On January 15, 2009, the Department of Defense (DoD) issued a final rule implementing requirements to prevent violations of the law of war by contractor employees accompanying the U.S. Armed Forces overseas. See 74 Fed. Reg. 2418 (Jan. 15, 2009), available at http://edocket.access.gpo.gov/2009/pdf/E9-680.pdf. As defined in the Department of Defense FAR Supplement (DFARS) 252.225-7040(a), “law of war” means “that part of international law that regulates the conduct of armed hostilities” and encompasses “all international law for the conduct of hostilities binding on the United States or its individual citizens . . . ,” including treaty obligations and customary international law. The final rule is intended to track and implement the policy in DoD Directive 2311.01E, DoD Law of War Program, dated May 9, 2006. It adds requirements for training on the law of war and amends the clause DFARS 252.225-7040, Contractor Personnel Authorized to Accompany U.S. Armed Forces Deployed Outside the United States, to require disclosure of suspected law of war violations.

Specifically, DFARS 225.7402-4 provides that all contractor personnel authorized to accompany the U.S. Forces outside the United States must receive “basic” law of war training to be provided generally through a military-run training center. While some commenting parties requested the ability to substitute web-based training, the commentary and final rule provide that web-based training in lieu of live training is permissible only if the contracting officer authorizes use of an alternative basic training source and the servicing DoD legal advisor concurs with the course content.

Private security contractors, security guards in or near areas of military operations, interrogators, linguists, interpreters, guards, report writers, information technology technicians or others who will come into contact with enemy prisoners of war, civilian internees, retained persons, or other detainees as well as any other contractor personnel when deemed necessary by the contracting officer must obtain “advanced” law of war training. If contractor personnel will be required to have advanced law of war training, the contract must specify those personnel requiring such training as well as whether the Government or contractor will provide the training. The commentary accompanying the final rule states that in all circumstances, government counsel must review advanced training content to ensure that it is commensurate with the duties of the contractor personnel to be trained.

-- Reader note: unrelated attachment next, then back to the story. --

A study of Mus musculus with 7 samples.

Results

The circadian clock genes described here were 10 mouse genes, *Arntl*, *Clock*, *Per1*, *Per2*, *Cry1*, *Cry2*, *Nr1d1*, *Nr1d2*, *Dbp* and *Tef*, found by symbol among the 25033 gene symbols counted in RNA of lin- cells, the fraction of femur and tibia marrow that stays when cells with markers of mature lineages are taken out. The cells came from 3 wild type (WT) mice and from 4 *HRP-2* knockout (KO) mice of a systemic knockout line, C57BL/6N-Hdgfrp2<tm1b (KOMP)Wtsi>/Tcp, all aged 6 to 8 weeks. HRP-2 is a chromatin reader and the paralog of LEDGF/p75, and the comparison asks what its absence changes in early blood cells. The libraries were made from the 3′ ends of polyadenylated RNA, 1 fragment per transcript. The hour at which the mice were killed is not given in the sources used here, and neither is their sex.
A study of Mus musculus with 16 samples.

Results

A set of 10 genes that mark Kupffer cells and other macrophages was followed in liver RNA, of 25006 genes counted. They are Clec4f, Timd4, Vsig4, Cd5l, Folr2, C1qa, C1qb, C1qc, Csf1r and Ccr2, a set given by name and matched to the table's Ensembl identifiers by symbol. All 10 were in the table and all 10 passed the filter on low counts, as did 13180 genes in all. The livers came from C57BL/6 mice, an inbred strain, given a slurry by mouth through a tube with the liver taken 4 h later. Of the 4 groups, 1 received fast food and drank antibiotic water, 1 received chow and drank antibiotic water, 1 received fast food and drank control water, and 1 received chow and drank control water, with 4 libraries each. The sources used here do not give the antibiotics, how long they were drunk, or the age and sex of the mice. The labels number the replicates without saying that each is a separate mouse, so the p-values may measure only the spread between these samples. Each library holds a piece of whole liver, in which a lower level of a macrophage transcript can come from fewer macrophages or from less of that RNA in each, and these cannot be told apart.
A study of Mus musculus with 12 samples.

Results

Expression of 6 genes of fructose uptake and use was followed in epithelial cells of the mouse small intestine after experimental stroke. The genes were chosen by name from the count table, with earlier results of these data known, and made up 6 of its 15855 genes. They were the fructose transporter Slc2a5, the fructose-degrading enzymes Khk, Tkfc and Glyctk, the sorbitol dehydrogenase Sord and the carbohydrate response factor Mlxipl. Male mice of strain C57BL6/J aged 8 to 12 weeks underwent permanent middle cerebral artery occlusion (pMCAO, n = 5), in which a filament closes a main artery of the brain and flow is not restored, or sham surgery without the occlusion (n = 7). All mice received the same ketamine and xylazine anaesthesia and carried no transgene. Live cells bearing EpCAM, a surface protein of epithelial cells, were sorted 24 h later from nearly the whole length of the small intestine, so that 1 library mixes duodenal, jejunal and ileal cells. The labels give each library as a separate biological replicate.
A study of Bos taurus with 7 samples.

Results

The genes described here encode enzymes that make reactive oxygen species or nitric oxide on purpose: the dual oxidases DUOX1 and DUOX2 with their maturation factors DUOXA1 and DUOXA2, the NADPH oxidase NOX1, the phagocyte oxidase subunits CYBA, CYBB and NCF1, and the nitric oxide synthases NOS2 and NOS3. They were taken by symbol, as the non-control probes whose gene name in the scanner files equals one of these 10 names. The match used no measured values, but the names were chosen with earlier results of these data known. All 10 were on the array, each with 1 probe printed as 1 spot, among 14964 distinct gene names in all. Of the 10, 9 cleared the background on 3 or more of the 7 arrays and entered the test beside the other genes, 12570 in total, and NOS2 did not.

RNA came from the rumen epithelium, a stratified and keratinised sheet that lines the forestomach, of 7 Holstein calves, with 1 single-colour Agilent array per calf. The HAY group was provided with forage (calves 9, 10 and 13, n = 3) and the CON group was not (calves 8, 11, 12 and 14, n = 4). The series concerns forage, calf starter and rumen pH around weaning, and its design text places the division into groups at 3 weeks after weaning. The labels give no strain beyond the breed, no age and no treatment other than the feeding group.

In addition, DoD amended the clause in DFARS 252.225-7040 to require contractors with personnel authorized to accompany the U.S. Forces overseas to “institute and implement an effective program to prevent violations of the law of war” by both employees and subcontractors. This program includes ensuring that deploying employees receive either “basic” or “advanced” law of war training, as appropriate, prior to deployment.

Furthermore, the clause in DFARS 252.225-7040 requires contractor personnel to report “any suspected or alleged conduct for which there is credible information that such conduct (i) [c]onstitutes a violation of the law of war; or (ii) [o]ccurred during any other military operations and would constitute a violation of the law of war if it occurred during an armed conflict.” These reports are to be made to the Combatant Commander or designee and, in response to comments suggesting that DoD include additional channels for reporting, can be made “through other channels such as the military police, a judge advocate, or an inspector general . . . .”

As a result of this final rule, contractors with employees authorized to accompany the U.S. Armed Forces overseas have additional training requirements that must be completed before such employees deploy. Moreover, in addition to other mandatory disclosure obligations recently added to the Federal Acquisition Regulation (FAR), see 73 Fed. Reg. 67064 (Nov. 12, 2008), contractors with deployed personnel accompanying the U.S. Forces overseas should be aware of the additional obligation to disclose suspected or alleged law of war violations. The final rule is effective January 15, 2009.